The opinions expressed in this article are the writer’s own and do not reflect the views of Her Campus.
As I concluded my first year of college, I began reflecting on where I was exactly one year ago. I was almost done with my senior year and ecstatic to finally leave high school behind and begin a new chapter in my life. What I did not know was that I’d have many regrets about my high school experience.
- Your Grades Don’t Define You
I know that this is something we hear all the time, especially on social media. Though it’s something that too many people, including myself, have not fully accepted.
Being someone who maintained a 4.0 GPA from sophomore to senior year and graduated top of the class, I certainly prioritized academic success over mental health. Constantly putting pressure on myself to be the best academically was my way of hiding the insecurities I had deep down. In a 2018 TEDx Talk, speaker Valeria Hernandez shared a similar experience. “I easily hid behind my resume and extracurriculars, my own form of antidepressants,” said Hernandez, “hiding behind accomplishments, social media likes, and smiles surprisingly easy.”
Putting your entire self-worth into your grades, even as a means to conceal other deeply-rooted issues, will only lead you to poorer self-esteem. To me, one bad grade would lead me down a negative spiral full of feelings of inadequacy and self-doubt. Rather than using my academic performance to determine my worth, I now write down and remind myself of the qualities I possess outside of school.
I am resilient and compassionate towards others.
- High School Drama Will Not Matter In College or Adult Life
My high school experience was a quite turbulent four years. In addition to transferring twice, I experienced very low points in my mental health due to drama at school. I even found myself crying in my school’s Wellness Center on a regular basis.
We all know the saying “hindsight is 20/20.” I can now confidently say that it is very true. Having experienced a full year of college, I learned that, in the grand scheme of things, high school conflicts are miniscule and will not matter in the future. We, young people, unfortunately, do not have the life experience to be able to fully realize this. Something to remember, though, is that more likely than not, you will not see the majority of your classmates after graduation. You may go to a different city or state for school or to a school that most of your classmates do not attend. This offers a great opportunity to start fresh.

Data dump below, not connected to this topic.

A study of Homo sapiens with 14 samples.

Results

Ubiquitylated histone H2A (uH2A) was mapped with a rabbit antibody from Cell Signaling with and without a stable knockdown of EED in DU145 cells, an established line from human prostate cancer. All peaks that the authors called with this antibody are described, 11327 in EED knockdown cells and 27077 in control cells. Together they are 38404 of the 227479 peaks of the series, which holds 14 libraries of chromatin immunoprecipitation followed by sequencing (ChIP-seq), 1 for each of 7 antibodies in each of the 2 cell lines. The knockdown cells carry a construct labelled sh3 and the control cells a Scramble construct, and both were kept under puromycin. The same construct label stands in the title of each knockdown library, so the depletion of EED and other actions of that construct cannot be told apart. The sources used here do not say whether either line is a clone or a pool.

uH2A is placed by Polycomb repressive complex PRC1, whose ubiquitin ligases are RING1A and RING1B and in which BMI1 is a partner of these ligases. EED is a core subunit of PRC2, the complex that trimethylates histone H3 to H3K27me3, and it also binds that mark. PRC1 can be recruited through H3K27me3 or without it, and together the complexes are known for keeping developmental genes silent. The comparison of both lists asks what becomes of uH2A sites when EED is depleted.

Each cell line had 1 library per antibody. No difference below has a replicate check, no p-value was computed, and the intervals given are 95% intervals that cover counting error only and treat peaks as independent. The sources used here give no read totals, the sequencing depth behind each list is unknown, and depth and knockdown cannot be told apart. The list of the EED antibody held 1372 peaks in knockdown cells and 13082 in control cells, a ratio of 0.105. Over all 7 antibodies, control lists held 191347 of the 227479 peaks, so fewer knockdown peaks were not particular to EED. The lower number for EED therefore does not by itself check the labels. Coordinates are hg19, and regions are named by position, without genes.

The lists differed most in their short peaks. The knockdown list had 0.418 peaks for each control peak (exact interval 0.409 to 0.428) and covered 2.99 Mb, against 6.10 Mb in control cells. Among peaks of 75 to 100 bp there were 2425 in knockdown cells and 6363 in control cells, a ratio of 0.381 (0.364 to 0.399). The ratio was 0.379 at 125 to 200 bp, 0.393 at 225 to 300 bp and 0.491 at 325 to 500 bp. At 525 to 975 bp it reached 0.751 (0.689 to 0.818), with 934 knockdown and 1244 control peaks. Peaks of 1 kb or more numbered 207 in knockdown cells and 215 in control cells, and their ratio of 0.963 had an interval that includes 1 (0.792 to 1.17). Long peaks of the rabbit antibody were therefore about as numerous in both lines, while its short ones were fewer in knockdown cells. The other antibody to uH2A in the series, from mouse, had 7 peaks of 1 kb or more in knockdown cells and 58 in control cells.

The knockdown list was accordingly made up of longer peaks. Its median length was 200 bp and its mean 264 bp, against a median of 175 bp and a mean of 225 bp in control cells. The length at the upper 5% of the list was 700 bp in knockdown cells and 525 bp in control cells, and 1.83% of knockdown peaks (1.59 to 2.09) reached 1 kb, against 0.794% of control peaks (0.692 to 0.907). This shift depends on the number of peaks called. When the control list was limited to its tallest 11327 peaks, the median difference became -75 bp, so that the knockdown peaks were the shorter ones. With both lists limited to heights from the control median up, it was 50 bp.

My advice is to stay out of drama as best as you can. Of course, some scenarios cannot be avoided, but it is best to not go actively seeking or starting drama.
- You Are Only a Teenager Once, So Enjoy It While You Can
Throughout all of high school, I was constantly looking forward to college and longing to be an adult, to the point that I did not allow myself to fully enjoy high school. I tried my absolute best to fit in and even lost sight of my own personal core values. I distinctly remember engaging in harmful self-deprecating humor and sacrificing my self-esteem to appear “cool” and “relatable” to my peers.
Reporter Jonathan Wolfe of the New York Times asked readers about some of their high school regrets. One reader, a 25-year-old named Lindsey Dartsch, said “I would have been bolder with my fashion and my ability to just be myself. Something about teenagers being close to each other makes them hypersensitive to judgment. I wish I hadn’t cared!”
Dartsch is right, tight-knit communities of young people who are figuring out who they are and what they stand for is bound to make them feel extremely self-conscious. Despite this, it is vital to live by your own values and not change for anyone. Doing things you do not want to do for others’ validation and approval will never truly feel right.
Take it from me, remaining true to yourself will always be much more fulfilling in the long run.